FRESNO, Calif. (KFSN) -- A young Fresno woman came close to death after having an asthma attack, but a Central Valley hospital's new medical team saved her life.
It was a terrifying moment for Brittney Lopez. Two weeks ago the young woman suffered a severe asthma attack and was rushed to the emergency room at Community Regional Medical Center.
When she arrived doctors began giving her shots and breathing treatments to open up her lungs, but the medicine was not working.
"I started panicking and couldn't breathe at all and passed out," she said.
The 21-year-old was home visiting family over the holidays when she suddenly had difficulty breathing and had to be rushed to the hospital. Rushing against time and knowing Lopez was at the edge of death, her physicians ran her down to the operating room and activated the hospital's new, six-month-old program called ECMO.
ECMO involves a unique device and a team of trained medical professionals who have specific roles catering to the patient's needs. It takes blood out of the body, circulating it through the machine while adding oxygen or removing carbon dioxide before returning the blood back to the body.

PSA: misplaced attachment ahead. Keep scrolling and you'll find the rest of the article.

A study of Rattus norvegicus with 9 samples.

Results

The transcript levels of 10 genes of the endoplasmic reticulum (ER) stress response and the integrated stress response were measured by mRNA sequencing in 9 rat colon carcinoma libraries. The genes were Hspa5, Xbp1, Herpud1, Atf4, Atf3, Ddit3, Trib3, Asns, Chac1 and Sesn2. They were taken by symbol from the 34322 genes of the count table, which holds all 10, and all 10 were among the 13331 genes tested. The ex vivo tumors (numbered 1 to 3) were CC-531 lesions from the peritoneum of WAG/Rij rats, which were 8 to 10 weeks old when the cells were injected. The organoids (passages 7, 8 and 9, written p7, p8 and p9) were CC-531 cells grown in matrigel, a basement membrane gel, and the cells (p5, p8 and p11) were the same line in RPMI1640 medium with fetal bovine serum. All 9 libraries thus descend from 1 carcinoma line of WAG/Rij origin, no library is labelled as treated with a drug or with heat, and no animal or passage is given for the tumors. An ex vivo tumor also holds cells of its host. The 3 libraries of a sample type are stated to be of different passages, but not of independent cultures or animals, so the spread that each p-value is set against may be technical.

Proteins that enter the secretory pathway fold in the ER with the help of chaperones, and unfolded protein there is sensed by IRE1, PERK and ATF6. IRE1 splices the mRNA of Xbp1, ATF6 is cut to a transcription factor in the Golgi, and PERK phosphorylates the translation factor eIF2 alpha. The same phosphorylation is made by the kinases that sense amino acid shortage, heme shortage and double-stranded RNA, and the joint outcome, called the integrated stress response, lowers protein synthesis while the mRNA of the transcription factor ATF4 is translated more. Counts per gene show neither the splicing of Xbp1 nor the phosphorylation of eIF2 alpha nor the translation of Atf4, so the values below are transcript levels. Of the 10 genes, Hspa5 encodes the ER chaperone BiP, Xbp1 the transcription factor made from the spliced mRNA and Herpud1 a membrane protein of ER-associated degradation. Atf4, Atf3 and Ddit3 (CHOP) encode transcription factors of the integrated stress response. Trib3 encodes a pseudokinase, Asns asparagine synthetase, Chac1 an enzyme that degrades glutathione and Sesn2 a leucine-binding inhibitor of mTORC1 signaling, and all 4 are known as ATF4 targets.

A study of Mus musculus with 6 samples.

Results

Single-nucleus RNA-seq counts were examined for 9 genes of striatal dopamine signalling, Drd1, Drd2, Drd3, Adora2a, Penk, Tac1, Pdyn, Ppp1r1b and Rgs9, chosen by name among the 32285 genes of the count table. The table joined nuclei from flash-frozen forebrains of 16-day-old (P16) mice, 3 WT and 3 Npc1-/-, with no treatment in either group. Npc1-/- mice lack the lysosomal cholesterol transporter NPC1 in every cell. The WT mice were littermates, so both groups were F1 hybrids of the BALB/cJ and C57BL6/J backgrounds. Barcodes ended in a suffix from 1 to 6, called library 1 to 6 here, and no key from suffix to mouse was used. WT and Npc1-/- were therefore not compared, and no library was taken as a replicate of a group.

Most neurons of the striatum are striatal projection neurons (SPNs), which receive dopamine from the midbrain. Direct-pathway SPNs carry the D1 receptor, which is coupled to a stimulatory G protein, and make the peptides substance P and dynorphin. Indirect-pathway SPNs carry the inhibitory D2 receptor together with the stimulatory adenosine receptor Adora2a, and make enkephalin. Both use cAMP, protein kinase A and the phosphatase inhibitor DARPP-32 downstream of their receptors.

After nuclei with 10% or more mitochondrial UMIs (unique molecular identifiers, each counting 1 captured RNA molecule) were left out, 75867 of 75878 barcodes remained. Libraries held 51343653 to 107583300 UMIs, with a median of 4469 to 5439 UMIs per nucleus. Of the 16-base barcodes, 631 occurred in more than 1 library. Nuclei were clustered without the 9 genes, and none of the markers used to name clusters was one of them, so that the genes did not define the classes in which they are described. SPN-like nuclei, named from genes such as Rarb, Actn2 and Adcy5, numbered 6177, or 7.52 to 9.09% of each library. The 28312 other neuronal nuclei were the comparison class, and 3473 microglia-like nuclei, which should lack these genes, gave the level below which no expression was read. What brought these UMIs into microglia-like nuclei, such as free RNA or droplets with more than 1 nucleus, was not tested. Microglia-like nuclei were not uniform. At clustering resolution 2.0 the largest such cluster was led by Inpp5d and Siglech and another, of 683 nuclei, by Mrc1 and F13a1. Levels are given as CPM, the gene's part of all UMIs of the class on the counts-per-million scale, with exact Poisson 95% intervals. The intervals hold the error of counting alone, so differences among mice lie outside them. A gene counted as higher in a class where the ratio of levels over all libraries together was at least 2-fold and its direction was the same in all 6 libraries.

Within moments of using it, Lopez showed signs of improvement.
"Very quickly after being put on her ventilation, her oxygenation was essentially normalized at that point," Dr. Tim Evans explained.
There are other ECMO devices in the Valley, including at Valley Children's Hospital, as well as doctors trained to use it, but CRMC officials say they have the only accredited ECMO team in the Central Valley. Aaron Schreur is part of the team and was the one who put Lopez on the $120,000 machine.
"Her carbon dioxide level was about 180," he said. "A normal level would be about 40, so she was in an area that was not compatible with life."
Now that she has been saved, Lopez is trying to figure out how to thank the ECMO team who saved her life.
"I don't know how you would thank someone for that," she said.
But she found a way to do it, meeting some of her heroes for the first time Monday.
"I feel weird saying thank you, but, 'Thank you,'" she told the team.
Lopez is now left with this tube in her chest, preventing air pockets from forming and crushing her lungs. She will likely have it removed in a week.
Now since starting the ECMO team last August, CRMC has had 85 percent survival rate for patients who needed to use it.